Waking Up With Headaches
A good night’s rest is essential for most people to function normally in the day. There are many things that wake us up or interrupt our sleep, but none of these are quite as persistent as the experience of waking up with a headache. The group most at risk from headaches is women, typically in the age group between 30 and 39, though it is possible that many other groups can also be afflicted by headaches that are either severe enough to interrupt sleep or are triggered by waking.
Ironically it could be a lack of sleep, or conversely too much sleep, that triggers these headaches as irregular sleep patterns can lead to waking up at unusual hours and therefore tiredness which could initiate a headache. Regular sleep patterns help to establish the circadian rhythm and should hopefully reset to allow a sufficient amount of sleep each day. The right amount of sleep for most people is between 7-9 hours every night, and while some people may be accustomed to a night shifted body clock this common pattern will often help to wake them up to daylight hours.
Depression is also a key cause of waking headaches as well, as there is evidence to show that people diagnosed with depression are much more likely to have headaches than those not as they are also more likely to suffer from sleep deprivation and thus more likely to suffer from headaches that either occur upon waking or interrupt sleep as a result. Treating depression can help relieve stress and provide much needed rest for your body.
Another common cause of sleep-related headaches is a condition called sleep apnea. This is also called sleep disordered breathing and is a case where the person suffers from interrupted or shallow breathing during sleep. A recent study involving 462 people suffering from sleep apnea showed that 34% of the people reported having morning headaches in contrast to a control group of 19%. In sleep apnea the restriction of breathing limits the flow of oxygen and oxygen deprivation is assumed to be a causal factor of morning headaches, however the whole picture of what is causing the headaches is still somewhat unclear at this time.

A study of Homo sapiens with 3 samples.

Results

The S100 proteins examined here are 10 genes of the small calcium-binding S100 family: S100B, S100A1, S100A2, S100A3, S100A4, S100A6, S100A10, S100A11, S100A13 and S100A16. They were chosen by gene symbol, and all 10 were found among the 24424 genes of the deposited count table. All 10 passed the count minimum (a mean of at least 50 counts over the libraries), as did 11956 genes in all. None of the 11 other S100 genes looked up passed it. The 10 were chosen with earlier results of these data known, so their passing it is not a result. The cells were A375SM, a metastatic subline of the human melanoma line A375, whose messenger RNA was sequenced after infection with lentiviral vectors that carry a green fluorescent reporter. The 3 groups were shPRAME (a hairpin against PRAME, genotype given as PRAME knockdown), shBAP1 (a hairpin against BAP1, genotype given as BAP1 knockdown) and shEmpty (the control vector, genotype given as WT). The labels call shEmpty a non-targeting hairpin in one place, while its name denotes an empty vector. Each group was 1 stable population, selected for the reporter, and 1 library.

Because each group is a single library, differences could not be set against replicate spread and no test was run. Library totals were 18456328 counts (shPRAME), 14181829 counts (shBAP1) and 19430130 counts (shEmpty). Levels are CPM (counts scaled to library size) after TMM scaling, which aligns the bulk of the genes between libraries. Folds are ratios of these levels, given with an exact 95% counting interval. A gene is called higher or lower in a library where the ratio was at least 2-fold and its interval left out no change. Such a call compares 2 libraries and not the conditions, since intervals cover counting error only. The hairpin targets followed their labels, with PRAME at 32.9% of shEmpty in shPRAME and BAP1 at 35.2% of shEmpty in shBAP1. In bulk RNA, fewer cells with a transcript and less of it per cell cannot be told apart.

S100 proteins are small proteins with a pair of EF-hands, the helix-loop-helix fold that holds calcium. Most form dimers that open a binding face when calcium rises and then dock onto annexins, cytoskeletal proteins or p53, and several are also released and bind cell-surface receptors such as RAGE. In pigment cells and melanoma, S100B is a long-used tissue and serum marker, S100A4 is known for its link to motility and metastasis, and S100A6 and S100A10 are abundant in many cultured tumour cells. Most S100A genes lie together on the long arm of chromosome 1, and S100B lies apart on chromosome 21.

A very common cause of a headaches in the morning is also what is termed a rebound headache. This is where a person has a dependence on one or more chemicals or medications that are not allowed to the body during sleep. The most common instances of this are people who smoke or drink coffee. The reasons behind this are quite clear, as the body starts to go through withdrawal symptoms as the chemical receptors in the brain cry out for the right chemical. People who drink more than 3 or 4 cups of coffee a day or are smokers should investigate reducing their dependencies on these chemicals to see if this eliminates their headache.
For women, a possible cause of waking headaches or non-waking headaches could be their menstrual cycles. There is documentation of women preceding during or after their periods of suffering from headaches. This may not necessarily be linked to waking headaches as such but by paying close attention to the menstrual cycle and identifying any patterns it may shed some light on any issues a sufferer may have.